Dec 20, 2016

CBC News
‘Huge gap’ between mental health needs and funding, expert says after health deal fails

The negotiations between the feds and the provinces has failed, at least for the moment, clearing $11.5 million off the table.  The feds wanted the gap between mental health services and funding narrowed but the provinces were holding out for larger rate increases and longer terms on the funding.  Patrick Smith, a psychologist and national CEO of the Canadian Mental Health Association (CMHA), says: “If this were something like hips and knees, people would be picketing in the streets that there’s such a huge gap between the burden of illness and how much we’re investing.”  In Canada, about 7% of health care money is spent on mental health.

CBC News – Matthew Braga
Canadian telecoms push back on proposed police powers  –  Rogers, TekSavvy and others say the government hasn’t justified why it needs expanded digital powers

The RCMP wants warrantless access to the data, the IT companies are saying they enough access right now and have not justified an extension of the current arrangement.  The companies were testifying before a Commons Committee last Thursday against the idea of access to personal data and the requirement that the tech companies maintain their data records for a specific period of time.

Toronto Star – Paula Osmok, Graham Brown
Steve Norman and the tragic irony of criminal rehabilitation

Steve Norman’s story was in a previous communiqué, a former inmate with family and no job.  The dilemma for all who have a criminal record is that having a job is a large factor in avoiding recidivism but getting a job with that record exposed to the potential employer is equally elusive.  The article walks through three of the on-going problems around the context and then offers some new ways of thinking and potential solutions.   Related article:  The Sentencing Project and NAACP Legal Defense (US)    Free the Vote: Unlocking Democracy in the Cells and on the Streets  (Ed note: In Canada, felony conviction does not impact voting rights and inmates can and do vote, but in the US approximately 6.1 million have lost the right to vote through felony conviction. It is known as felony disenfranchisement and disproportionately impacts Blacks and other minorities.)   Related article: Washington Post (US) – Sari Horwitz   Obama adds to historic number of federal prisoners granted clemency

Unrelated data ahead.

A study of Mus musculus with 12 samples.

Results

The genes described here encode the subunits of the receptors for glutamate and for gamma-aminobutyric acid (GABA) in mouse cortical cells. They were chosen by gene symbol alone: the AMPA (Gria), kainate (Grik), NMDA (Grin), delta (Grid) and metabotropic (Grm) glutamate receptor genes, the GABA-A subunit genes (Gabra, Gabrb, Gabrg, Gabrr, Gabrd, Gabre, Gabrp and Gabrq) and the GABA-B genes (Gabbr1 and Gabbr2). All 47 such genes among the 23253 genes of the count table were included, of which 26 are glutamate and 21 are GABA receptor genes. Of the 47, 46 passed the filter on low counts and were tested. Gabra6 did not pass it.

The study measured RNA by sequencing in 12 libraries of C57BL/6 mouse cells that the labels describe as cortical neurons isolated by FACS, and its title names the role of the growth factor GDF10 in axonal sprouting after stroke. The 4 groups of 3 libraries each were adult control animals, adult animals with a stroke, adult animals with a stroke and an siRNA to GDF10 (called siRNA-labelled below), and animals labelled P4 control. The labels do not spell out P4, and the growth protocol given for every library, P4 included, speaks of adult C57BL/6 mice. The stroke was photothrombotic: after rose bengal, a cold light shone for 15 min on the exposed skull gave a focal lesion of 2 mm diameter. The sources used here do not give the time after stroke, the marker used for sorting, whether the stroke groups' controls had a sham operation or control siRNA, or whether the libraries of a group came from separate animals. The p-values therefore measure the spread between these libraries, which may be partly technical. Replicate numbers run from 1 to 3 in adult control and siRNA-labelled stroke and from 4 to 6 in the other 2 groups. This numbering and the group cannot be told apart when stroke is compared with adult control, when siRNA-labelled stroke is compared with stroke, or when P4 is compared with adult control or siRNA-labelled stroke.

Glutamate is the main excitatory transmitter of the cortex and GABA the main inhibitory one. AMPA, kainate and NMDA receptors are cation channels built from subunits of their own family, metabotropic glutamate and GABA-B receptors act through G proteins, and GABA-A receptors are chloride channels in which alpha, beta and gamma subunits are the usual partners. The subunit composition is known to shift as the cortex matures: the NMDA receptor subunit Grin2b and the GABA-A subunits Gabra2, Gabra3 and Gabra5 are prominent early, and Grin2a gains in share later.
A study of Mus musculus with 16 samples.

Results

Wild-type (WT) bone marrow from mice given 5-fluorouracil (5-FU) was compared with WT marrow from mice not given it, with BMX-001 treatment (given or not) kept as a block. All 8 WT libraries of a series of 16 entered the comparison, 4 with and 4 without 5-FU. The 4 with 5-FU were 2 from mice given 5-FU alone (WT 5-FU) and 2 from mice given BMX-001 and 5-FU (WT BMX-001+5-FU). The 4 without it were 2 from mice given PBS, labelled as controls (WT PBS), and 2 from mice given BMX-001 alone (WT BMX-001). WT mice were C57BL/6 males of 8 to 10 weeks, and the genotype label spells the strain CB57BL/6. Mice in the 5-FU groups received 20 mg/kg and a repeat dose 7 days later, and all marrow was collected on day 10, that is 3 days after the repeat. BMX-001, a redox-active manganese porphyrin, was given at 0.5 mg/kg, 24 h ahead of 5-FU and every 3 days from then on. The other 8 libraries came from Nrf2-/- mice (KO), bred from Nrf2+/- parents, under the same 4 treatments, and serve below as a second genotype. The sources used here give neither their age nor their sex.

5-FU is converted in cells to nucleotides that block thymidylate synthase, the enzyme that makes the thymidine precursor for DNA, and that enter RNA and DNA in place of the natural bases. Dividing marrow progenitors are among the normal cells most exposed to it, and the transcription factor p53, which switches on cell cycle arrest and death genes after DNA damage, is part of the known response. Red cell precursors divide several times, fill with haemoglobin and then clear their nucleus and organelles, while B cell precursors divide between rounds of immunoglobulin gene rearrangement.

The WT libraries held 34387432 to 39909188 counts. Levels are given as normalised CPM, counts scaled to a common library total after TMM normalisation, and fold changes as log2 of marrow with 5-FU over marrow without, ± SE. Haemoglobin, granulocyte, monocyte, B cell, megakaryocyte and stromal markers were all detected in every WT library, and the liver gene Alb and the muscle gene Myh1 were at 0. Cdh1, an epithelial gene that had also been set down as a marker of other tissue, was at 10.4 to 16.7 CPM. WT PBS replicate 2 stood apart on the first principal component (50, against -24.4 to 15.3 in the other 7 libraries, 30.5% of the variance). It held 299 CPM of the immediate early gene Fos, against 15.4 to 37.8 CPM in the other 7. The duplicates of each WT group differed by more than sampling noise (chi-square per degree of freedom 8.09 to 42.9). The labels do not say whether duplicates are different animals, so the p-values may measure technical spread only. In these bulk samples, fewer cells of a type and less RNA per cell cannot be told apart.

Toronto Star – Mark Bulgutch
How to fight ‘fake news’? Tell the truth

The growth in the intentional use of ‘fake-news’ for support of political and social purposes is getting increasingly of concern.  Bulgutch thinks that the abundance of fake news, assuming we can recognize it, may in fact spur us towards identifying media outlets whose brand is truth telling and seeking out these outlets as trustworthy and reliable.

CBC News – Stephanie Cram
Why inquiry into missing and murdered Indigenous women should resist calls to include men – Coalition that wants men and boys included is aligned with controversial men’s rights group

A new coalition, mostly focused in BC at this point, is asking the federal government to expand the mandate of the Inquiry into Murdered and Missing Women – they want murdered and missing boys and men included.  The article exposes some tenuous alliances and also looks at the likelihood of incidents of violence against Indigenous women compared to men.

Nation Talk – Colin Perkel
Indian Act sex discrimination lawsuit reaches Ontario’s top court

An Indian child whose father’s name does not appear on the birth certificate or whose father simply refuses to acknowledge the child can presently be denied a number of rights under the Indian Act.  “The plaintiff in the case, Lynn Gehl, 54, of Peterborough, Ont., has been trying since 1994 to get registered as a status Indian. Her status entitlement depends on her father because he married a non-Indian, but no one now knows who his father was.”  The case has been in the courts since 2002 and the argument is that the 1985 Indian Act determining the status is unconstitutional in ignoring the mothers.